Four-time Grammy Award winner David Holt and Josh Goforth, rising acoustic music star and Grammy nominee, are set to join together to bring to life the joy and spirit of old-time mountain music and stories at 7:30 p.m. Saturday at the Pocahontas County Opera House in Marlinton.
Between them, Holt and Goforth combine the virtuosic sounds of guitar, banjo, fiddle, slide guitar, mandolin and a world of exciting rhythm instruments from hambone (body slapping) rhythms, to spoons, stump-fiddle, rhythm bones, jaw harp - and even paper bag. The program of songs, stories and amazing musicianship will appeal to all ages.
Holt is recognized as one of the nation's foremost folk musicians and storytellers. For 35 years, he has been collecting and performing the music of the old-time Southern mountaineers.
The Opera House Performance Series is set to host four-time Grammy Award winner David Holt and Josh Goforth, rising acoustic music star and Grammy nominee, during a concert this Saturday.
Goforth is descended from many of the old-timers Holt learned from in the late 1960s in Lonesome Mountain, N.C.
"Josh is one of the finest musicians in North Carolina and is helping bring the music that is his birthright into the 21st century," Holt said. "Our show is about folk traditions that are exploding with creative energy and fun."
Holt is well-known for his television and radio series. He is host of public television's "Folkways," a North Carolina program that takes the viewer through the Southern Mountains visiting traditional craftsmen and musicians. He served as host of The Nashville Network's Fire on the Mountain, Celebration Express and American Music Shop. He has been a frequent guest on Hee Haw, Nashville Now and The Grand Ole Opry. Holt also took to the silver screen, as a musician in the popular film, "O Brother, Where Art Thou?"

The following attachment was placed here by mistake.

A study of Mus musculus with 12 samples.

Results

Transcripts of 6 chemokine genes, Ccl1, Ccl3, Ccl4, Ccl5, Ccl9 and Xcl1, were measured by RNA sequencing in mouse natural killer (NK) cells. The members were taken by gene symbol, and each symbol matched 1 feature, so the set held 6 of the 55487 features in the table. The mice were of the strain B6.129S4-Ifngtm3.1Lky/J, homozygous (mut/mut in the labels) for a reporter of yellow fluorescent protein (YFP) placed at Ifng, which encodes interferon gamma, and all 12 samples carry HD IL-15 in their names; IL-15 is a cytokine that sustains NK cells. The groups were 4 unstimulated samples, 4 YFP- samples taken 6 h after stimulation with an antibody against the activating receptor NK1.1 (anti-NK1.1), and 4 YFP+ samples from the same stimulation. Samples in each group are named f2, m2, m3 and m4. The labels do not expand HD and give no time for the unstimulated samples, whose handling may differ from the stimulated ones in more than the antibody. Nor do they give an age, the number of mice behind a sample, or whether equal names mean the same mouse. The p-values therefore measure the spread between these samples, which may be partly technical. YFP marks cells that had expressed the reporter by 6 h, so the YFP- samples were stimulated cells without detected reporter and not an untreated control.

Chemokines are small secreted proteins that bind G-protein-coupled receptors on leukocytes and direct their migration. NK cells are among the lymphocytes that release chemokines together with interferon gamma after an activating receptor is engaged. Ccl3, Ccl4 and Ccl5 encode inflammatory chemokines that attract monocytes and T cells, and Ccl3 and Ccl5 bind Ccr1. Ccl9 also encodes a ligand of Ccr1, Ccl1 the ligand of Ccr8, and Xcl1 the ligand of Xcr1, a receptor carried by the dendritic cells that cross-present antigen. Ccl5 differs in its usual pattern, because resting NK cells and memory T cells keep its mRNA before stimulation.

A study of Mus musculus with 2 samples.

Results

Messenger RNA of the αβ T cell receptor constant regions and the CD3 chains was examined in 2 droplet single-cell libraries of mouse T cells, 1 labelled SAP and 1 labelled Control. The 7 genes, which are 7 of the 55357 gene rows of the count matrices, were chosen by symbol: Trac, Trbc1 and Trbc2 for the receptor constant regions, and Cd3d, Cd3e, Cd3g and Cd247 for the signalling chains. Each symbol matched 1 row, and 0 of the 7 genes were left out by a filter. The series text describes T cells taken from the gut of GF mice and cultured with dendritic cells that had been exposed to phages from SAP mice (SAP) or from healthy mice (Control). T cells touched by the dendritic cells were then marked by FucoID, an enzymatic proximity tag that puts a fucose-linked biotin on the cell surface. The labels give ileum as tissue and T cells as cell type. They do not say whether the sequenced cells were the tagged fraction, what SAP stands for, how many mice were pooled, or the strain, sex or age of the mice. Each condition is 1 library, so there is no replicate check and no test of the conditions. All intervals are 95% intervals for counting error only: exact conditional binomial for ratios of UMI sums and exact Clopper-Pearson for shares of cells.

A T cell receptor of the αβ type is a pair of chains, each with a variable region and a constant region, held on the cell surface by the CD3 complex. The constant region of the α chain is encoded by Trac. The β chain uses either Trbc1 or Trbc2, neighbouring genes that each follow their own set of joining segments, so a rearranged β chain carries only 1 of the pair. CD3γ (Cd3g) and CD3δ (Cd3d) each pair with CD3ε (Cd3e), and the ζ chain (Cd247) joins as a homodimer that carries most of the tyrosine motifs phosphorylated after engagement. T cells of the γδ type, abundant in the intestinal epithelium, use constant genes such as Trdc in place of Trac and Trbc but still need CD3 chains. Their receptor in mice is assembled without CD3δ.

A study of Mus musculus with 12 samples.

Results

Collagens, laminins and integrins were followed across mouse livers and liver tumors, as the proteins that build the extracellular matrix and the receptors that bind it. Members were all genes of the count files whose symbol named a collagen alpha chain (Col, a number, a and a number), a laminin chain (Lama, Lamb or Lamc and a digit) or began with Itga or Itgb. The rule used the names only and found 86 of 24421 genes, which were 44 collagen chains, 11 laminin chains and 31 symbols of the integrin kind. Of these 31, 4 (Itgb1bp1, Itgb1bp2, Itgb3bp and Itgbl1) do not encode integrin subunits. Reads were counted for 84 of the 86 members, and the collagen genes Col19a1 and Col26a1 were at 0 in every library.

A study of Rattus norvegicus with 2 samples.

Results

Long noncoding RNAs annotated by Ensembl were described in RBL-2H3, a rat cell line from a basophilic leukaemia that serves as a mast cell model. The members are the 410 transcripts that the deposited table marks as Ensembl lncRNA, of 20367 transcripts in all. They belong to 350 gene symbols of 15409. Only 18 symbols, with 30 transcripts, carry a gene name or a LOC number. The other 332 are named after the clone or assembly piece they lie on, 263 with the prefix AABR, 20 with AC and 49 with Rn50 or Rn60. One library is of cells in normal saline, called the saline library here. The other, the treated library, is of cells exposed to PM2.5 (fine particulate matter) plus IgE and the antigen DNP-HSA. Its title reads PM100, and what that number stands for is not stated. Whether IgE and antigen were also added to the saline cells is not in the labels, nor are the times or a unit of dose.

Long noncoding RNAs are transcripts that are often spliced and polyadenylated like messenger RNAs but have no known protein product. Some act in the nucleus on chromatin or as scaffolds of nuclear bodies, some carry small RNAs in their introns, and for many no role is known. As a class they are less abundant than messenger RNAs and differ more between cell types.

Holt also hosts Riverwalk Jazz for Public Radio International. Riverwalk, in its 22nd year, is broadcast nationally from San Antonio, Texas, and combines stories of the jazz greats told by Holt with the traditional jazz music of the Jim Cullum Jazz Band and guests including Lionel Hampton and Benny Carter.
In 2002, Holt and the late Doc Watson won two Grammy Awards for Best Traditional Folk Recording for their collaborative album, "Legacy," a three-CD collection of songs and stories reflecting Watson's inspiring life story.
Goforth already was playing piano in church at the age of 4 - but it was an experience he had in the sixth grade that really lit the fuse of his precocious and explosive musical career. A performance at Goforth's middle school by Holt and Sheila Kay Adams caused him to start thinking about the musical heritage of his native Madison County.
A couple of years later, he began to learn guitar from his great-uncle. The great-great-great-grandson of Madison County fiddler Asbury McDevitt then launched on a career in traditional and acoustic music.
In the next few years he learned to play at least 10 different instruments by ear, learning from such local masters as Gordon and Arvil Freeman.
After high school, he went to East Tennessee State University to study music education, and to be a part of ETSU's famous Bluegrass and Country Music Program. In 2000, he played fiddle for the movie "Songcatcher," both onscreen and on the soundtrack.
Goforth has performed all over the United States as well as Europe and Asia. In 2000, 2003 and 2005, he was named Fiddler of the Festival at Fiddler's Grove, making him the youngest-ever three-time winner. This secured him the title Master Fiddler.
Doors for the Opera House performance will open at 6:30 p.m. Children 17 and younger are admitted free of charge. Tickets are available in advance at pocahontasoperahouse.org and at the Green Bank and Marlinton galleries of the Pocahontas County Artisans Cooperative.
The Pocahontas County Opera House is located at 818 Third Ave. in Marlinton. Performances at the Opera House are informal, family-friendly and open to all. The entrance and main seating are accessible to persons with disabilities. Persons with disabilities are encouraged to attend; special accommodations can be arranged upon request by calling 304-799-6645.
The Opera House Performance Series is presented with financial assistance through a grant from the West Virginia Division of Culture and History and the National Endowment for the Arts, with approval from the West Virginia Commission on the Arts. Financial support is also provided by Pocahontas County Drama, Fairs and Festivals, Pendleton Community Bank and the National Radio Astronomy Observatory. This performance also is made possible in part by the generous support of Brightside Acres.